Starring: Beanie Feldstein, Paddy Considine, Sarah Solemani
Director: Coky Giedroyc
Running Time: 102 mins
How To Build A Girl is a British film about a teenage girl from a working-class background who grows up to be a music journalist with a controversial reputation that changes her home life irreparably.
It seems 1980s and 90s coming-of-age movies are all the rage at the moment, but How To Build A Girl doesn’t really stand out among the crowd. Though an engaging story filled with strong energy, it’s far from the most immersive or nostalgic watch, nor a particularly touching tale of growing up – pushing the limits a little too much at times.
Of course, pushing the limits and trying something different is just what a film like this should do to stand out from the crowd of coming-of-age movies. At times, How To Build A Girl’s almost fable-like rags to riches story is more memorable than purely focusing on the awkward realities of growing up, but at others, it feels a rather superficial patch on an otherwise less-than-powerful story.
The morals here are relatable and well-meaning, albeit fairly simple. It’s about a teenage girl who gets her big break in writing, but is forced to sell out on her true voice to succeed, inevitably leading to controversy and conflict both with others and her own conscience.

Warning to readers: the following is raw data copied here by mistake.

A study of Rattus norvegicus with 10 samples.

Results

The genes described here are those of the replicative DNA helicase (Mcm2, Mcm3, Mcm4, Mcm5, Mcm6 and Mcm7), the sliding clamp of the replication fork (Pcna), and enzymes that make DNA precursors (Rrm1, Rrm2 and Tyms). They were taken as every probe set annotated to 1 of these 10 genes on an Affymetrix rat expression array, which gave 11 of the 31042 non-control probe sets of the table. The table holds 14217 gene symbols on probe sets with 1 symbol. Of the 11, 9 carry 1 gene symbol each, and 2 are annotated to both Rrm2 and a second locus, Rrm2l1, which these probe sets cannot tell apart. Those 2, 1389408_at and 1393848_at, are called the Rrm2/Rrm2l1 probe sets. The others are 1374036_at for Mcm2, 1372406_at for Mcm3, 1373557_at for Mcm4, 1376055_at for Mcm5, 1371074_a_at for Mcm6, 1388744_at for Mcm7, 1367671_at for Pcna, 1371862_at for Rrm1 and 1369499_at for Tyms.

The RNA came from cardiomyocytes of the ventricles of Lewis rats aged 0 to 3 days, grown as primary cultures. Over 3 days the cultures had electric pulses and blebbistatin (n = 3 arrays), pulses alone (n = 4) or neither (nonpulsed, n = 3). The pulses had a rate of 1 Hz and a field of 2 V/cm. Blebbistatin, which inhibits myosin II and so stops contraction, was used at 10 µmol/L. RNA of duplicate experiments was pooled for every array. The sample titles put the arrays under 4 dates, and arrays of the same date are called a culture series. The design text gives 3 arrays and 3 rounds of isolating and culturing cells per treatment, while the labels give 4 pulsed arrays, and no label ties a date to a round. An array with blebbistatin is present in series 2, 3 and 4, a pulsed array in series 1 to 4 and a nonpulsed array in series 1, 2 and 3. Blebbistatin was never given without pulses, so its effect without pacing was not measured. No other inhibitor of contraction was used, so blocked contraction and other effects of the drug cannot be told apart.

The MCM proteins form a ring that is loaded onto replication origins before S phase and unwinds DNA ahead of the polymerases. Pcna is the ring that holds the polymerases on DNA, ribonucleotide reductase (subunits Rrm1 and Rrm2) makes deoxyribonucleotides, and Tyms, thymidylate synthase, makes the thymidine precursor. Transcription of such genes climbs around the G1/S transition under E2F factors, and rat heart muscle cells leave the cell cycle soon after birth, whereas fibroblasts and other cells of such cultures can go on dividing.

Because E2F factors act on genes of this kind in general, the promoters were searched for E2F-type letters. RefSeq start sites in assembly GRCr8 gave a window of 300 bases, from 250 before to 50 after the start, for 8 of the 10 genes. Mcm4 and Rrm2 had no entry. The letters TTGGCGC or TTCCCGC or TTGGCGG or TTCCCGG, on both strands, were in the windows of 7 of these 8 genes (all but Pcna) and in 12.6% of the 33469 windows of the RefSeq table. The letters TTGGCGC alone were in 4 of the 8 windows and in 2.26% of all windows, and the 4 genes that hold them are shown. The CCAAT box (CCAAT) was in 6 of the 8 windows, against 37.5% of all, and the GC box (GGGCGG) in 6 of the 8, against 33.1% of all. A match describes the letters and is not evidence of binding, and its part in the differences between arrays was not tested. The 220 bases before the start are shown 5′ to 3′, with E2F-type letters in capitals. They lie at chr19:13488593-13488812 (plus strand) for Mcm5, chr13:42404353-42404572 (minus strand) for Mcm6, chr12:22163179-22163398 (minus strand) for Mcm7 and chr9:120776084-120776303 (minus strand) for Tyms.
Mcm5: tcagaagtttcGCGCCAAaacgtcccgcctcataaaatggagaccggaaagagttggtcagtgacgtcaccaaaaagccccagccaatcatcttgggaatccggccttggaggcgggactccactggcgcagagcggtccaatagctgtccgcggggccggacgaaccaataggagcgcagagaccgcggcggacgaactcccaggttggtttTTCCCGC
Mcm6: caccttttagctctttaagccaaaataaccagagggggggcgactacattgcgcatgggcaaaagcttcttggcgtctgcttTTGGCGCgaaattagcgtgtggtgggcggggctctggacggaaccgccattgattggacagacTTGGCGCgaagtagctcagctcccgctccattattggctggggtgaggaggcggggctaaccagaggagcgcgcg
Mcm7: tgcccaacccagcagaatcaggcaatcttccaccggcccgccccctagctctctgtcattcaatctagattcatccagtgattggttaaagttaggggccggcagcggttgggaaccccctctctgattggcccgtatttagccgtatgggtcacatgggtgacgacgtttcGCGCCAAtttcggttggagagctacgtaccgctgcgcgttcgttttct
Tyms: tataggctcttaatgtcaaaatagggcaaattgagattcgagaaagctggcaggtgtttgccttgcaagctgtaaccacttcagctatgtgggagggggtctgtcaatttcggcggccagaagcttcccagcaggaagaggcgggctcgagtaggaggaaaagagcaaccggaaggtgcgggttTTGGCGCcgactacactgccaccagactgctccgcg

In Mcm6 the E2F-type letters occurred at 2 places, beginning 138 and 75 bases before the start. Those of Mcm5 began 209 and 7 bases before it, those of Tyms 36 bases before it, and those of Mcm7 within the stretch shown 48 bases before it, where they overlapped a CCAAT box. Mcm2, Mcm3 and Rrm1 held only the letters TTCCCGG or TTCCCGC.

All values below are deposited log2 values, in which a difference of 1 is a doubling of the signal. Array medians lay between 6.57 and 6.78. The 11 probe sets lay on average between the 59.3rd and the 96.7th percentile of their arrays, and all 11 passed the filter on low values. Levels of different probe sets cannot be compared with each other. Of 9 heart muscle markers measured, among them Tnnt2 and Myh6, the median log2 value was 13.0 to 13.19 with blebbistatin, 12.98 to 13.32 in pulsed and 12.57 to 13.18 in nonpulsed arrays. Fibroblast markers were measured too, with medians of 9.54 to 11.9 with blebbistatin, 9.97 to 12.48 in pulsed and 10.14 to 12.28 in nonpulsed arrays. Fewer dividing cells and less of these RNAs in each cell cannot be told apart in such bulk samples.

That story is nothing new – we’ve seen it in the likes of How To Lose Friends & Alienate People and Fighting With My Family) – but unlike those two films, How To Build A Girl neither has a particularly genuine heart nor a great sense of humour to boost the appeal of its plot.
Normally, a good coming-of-age movie is able to really tug at your heartstrings by telling a relatable and above all honest story about the challenges of growing up. Now, those certainly aren’t the same for everyone, but I think it’s fair to say that this film goes a little overboard with its story, into territory where this genre really isn’t at its best.
Far from the small-scale, genuine drama of the best coming-of-age films, How To Build A Girl sees its main character rocket rapidly through the ranks, only to come crashing down again just as quickly. However, the movie simultaneously tries to get you to sympathise with her as if she is a normal teenage girl, which is really quite difficult to do.
As a result, the film comes off as a rather superficial coming-of-age drama, and one that’s a lot more focused on the rags-to-riches side of its story.
What’s more, How To Build A Girl doesn’t do the best job of recreating the essence of its time period. It’s not an enormously captivating or even convincing picture of Britain in the early ’90s (I must admit I regularly forgot this film wasn’t set in the present day), and pales in comparison to more loving era tributes like Blinded By The Light.
The performances are one of the film’s saving graces, with an energetic and captivating lead turn by Beanie Feldstein, bringing an impressive likeability to a character that could have been so easy to loathe. Many of the supporting turns are good too, albeit none really stand out as immensely hilarious or dramatically gripping.
Overall, How To Build A Girl is a bit of a mixed bag in my book. It’s not a bad film by any means, and its story is well-meaning and engaging at times. But, it’s a poor attempt at telling gripping coming-of-age drama, and it fails to get you on side in its more moralistic moments. The performances are good, but don’t quite do enough to add that extra spark. So, that’s why I’m giving this film a 6.9.